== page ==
It takes a village to raise a family

Published 7:44 am Wednesday, April 5, 2017

Editorial by Chris Kovatch

Raising a child is no simple task. Add siblings to that equation and it becomes exponentially harder. This is something that no one should have to do alone. We receive support in raising our children from many places. Our family members play a vital role in our kids’ growth and their teachers aid a great deal in their development as well. Our church family also gives invaluable support in the nurturing of our children.

I have shared in prior articles about my desire to be a dad. I knew from the first time that I met my wife, Christi, when we were 17 years old that she was who I was going to marry. That concept really stumps some people. I always tell people I just knew she was the one. You really can’t explain that feeling. When we got engaged at 19, there were plenty of comments about our age and waiting, but if you know me, when I make up my mind there isn’t any changing it. We were married after we both turned 20. With all the mistakes that couples make when they are first married, we did make one really good decision. We decided to wait to have kids until I had wrapped up my bachelors degree. Just 3.5 years after graduating from WO-S, I was walking across the stage and receiving my diploma from Lamar University.

The reason I share this backstory is to point out that from day one, Christi and I were in this together. It takes a team and a committed one at that to emerge successful from child rearing duties somewhat unscathed.

A perfect scenario would have every family with two ever-present parents that are successfully modeling balancing careers with child rearing, or perhaps even with one of them in a stay at home parent role. While the traditional family model has numerous merits, it is vitally important that we realize that there are many other shapes and sizes of family units.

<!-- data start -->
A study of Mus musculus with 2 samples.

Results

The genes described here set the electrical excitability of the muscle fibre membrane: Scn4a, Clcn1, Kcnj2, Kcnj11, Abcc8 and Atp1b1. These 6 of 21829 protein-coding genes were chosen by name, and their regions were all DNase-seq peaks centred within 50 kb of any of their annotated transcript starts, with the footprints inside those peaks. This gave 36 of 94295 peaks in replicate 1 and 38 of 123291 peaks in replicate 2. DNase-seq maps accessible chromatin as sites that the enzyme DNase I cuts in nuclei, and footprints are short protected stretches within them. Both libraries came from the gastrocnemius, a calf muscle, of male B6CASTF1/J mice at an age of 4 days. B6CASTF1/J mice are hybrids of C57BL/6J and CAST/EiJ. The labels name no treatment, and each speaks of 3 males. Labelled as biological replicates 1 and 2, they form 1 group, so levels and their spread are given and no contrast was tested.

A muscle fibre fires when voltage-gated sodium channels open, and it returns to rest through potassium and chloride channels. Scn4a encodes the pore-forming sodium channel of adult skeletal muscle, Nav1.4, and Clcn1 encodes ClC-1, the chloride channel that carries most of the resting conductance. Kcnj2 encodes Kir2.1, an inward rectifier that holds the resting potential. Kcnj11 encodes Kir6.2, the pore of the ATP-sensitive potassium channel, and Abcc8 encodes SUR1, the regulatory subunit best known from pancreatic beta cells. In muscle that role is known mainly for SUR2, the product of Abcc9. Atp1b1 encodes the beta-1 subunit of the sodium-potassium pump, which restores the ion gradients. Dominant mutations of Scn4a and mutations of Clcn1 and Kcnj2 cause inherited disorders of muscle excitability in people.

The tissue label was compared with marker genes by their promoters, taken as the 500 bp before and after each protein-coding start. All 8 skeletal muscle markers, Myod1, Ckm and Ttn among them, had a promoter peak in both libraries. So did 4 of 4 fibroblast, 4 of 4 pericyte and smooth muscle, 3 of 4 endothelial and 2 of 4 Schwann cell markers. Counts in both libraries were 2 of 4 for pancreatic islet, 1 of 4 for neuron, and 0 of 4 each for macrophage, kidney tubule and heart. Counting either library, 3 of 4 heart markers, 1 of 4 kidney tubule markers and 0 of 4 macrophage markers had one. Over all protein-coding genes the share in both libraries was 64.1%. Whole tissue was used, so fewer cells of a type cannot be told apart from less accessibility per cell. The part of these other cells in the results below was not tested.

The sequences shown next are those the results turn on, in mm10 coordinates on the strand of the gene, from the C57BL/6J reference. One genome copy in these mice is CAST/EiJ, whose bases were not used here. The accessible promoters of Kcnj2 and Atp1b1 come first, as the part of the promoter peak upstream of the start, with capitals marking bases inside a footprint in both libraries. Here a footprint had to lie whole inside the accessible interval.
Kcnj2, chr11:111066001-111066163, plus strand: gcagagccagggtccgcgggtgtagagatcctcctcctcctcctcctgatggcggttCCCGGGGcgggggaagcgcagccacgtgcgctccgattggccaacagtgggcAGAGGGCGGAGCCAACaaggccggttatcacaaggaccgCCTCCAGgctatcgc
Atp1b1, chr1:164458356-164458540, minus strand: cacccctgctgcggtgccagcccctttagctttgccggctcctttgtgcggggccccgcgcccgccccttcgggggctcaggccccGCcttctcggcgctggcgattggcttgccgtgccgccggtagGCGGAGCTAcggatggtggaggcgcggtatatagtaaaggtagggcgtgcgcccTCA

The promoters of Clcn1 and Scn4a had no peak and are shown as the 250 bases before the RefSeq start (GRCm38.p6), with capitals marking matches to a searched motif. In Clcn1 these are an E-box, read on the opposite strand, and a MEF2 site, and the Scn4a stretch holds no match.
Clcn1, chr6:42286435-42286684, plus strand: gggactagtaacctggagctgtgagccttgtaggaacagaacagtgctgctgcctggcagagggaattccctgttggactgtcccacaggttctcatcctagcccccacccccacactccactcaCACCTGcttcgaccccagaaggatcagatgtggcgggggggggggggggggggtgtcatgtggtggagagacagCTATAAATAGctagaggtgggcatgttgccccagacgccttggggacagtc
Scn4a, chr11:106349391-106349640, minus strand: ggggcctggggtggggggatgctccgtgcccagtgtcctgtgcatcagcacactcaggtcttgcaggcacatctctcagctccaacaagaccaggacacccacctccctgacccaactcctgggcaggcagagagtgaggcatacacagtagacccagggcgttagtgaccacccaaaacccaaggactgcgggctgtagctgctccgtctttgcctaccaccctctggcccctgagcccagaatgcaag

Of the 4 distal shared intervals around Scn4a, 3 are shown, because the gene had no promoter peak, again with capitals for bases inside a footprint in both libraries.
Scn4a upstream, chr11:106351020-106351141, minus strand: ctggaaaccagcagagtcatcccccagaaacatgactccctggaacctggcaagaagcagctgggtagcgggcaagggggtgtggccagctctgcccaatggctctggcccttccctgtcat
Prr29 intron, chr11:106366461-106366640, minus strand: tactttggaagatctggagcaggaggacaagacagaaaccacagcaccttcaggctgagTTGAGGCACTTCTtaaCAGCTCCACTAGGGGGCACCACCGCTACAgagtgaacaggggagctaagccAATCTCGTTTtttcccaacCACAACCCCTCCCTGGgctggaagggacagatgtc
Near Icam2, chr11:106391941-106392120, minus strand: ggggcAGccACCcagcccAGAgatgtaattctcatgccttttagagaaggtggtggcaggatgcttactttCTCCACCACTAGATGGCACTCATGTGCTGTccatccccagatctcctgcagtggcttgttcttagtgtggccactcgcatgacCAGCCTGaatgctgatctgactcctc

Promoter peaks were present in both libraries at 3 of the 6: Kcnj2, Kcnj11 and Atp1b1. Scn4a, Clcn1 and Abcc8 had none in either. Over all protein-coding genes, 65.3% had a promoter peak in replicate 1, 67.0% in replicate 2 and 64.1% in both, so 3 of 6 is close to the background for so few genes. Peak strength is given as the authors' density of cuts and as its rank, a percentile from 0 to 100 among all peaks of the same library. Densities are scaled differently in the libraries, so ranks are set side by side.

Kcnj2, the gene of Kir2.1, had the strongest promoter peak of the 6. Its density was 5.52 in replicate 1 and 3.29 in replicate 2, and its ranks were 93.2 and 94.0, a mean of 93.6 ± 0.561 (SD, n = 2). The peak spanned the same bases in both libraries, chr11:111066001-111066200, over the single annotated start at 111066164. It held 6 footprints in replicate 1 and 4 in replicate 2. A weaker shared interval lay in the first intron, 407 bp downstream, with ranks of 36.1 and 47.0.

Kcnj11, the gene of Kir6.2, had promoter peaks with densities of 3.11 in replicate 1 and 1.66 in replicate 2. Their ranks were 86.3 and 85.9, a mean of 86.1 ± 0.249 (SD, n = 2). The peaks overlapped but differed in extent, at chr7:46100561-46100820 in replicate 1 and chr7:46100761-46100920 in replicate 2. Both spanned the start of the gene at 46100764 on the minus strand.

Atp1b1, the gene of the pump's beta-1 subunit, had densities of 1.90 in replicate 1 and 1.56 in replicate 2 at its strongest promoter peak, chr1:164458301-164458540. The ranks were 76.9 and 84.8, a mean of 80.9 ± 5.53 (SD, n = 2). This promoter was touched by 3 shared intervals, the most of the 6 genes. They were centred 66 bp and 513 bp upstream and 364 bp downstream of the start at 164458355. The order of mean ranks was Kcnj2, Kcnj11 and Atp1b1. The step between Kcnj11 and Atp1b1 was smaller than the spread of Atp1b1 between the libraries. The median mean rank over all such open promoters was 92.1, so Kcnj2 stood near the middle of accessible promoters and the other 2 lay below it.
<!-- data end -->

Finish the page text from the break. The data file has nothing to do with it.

I always think of success with raising my children as having them grow into productive adults who, through their development, sidestep some of the mistakes I made growing up. I want to see them in a better place than I was in their age. I want them to make a name for themselves. I want, when someone hears or sees their last name, to equate it with them being a kind, trustworthy, and all-around good person. I would think most people would define successful child rearing similarly.

There are going to be families who look different than us; who are put together differently; and who have experienced different things. In the end, none of these things matter. What matters is setting a child up for success; ensuring they have every opportunity afforded to them to be a productive member of society. We have to realize that it is totally acceptable to reach out and ask for help when it is needed. We have to realize that just because a family looks different than mine, doesn’t make it any less of a family.

Making the decision to ask for help is a difficult one. It is one that requires pride to be put to the side and truly makes a person vulnerable. Whenever someone makes this challenging move, we must be ready to help in any way we can.

In the end, they are our future. We can stand idly by and not do anything, or we can be part of forming a brighter tomorrow.